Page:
A Reflection of this Country
The Germans aren’t happy with their Grand Coalition. It’s far too similar to its creator.
Just in time for the anniversary, some good news has gotten mixed in with the stream of bad news that has plagued the republic for years and has threatened to become the Germans’ new destiny. Yet there will be no party atmosphere on the first anniversary of the Grand Coalition. Disappointment can be felt everywhere – disappointment that this alliance did not use its great majorities in the Bundestag and the Bundesrat to accomplish great deeds. Even the protagonists themselves are not denying this. But they never announced anything titanic in the first place.
The chancellor spoke of many small steps in her policy statement. And small steps are what the coalition has taken, from its work on social security insurance to federalism reform to the consolidation of state finances. Most of these steps went in the right direction. Things weren’t at a standstill, but there was nothing revolutionary either. Theorists of the social order had plenty of reason to tear their hair out, but chaos didn’t befall Germany in the end.
One could say that that’s too little for an alliance of two mainstream parties, both of which claimed to be able to make the problem-ridden republic “fit for the future.” Too little resolve, assertiveness, strategic thinking, unity. But this coalition is no superhuman creature totally removed from German reality. Its main problem is that it is an all-too faithful reflection of German society, with its antagonistic but well-organized interests and interest groups, most of which are bundled together in the coalition. Whatever it does is too much for some and not enough for others. A year ago, the nation did not have the courage of its convictions to declare a clear-cut direction [for the country], as is now constantly demanded of Merkel’s government. But at least the people, the creators of this coalition, have someone to blame.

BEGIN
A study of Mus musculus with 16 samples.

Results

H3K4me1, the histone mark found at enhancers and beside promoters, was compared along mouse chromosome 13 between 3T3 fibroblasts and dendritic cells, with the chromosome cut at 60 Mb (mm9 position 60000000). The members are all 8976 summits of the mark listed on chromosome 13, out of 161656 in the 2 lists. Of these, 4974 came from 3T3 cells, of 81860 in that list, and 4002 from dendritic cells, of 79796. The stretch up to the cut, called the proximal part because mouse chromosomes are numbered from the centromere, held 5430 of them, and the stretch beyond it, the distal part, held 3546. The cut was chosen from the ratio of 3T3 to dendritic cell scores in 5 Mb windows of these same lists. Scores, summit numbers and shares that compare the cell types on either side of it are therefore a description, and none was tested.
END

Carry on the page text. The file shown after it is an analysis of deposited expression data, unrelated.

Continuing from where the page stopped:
It is easy to refer to a policy of small steps as lacking ambition. But recent decades have shown that a highly cultivated social welfare state, especially one that is forced into a complex federal structure, cannot simply push policies through from the top down, bypassing opposition and avoiding compromises [durchregieren]. The welfare state, which has penetrated all corners of society down to the smallest crannies and has created dependencies there, has developed vast powers of self-defense. Any attempt to restrict it leads to strong defensive reactions deep in the core of the mainstream parties, which suffer along with their baby. Whoever does not protect the welfare state suffers the consequences. Agenda 2010 cost the SPD the chancellorship. The CDU almost had to say the same thing about its own reform campaign. The parties remember such lessons, especially when the punishment is being chained together for four years.
The Grand Coalition’s great majority turned out to be an optical illusion. On many issues, the chancellor’s party is discordant in and of itself. The perpetual wrestling between the economic- liberal camp and the welfare-state wing, which had to swallow a serious defeat at the Leipzig party congress, is again more obvious than the executive committee would like to admit. The present programmatic insecurity might not be as visible in the SPD as it is in the Union; it was partially covered up by the double “flying substitution” of the party chair.* But it is just as hard to speak of a cohesive regulatory model in the case of the SPD as it is with the Union.
* In November 2005, Matthias Platzeck replaced Franz Müntefering as the party chairman. Platzeck then resigned in April 2006 and was replaced by Kurt Beck – eds.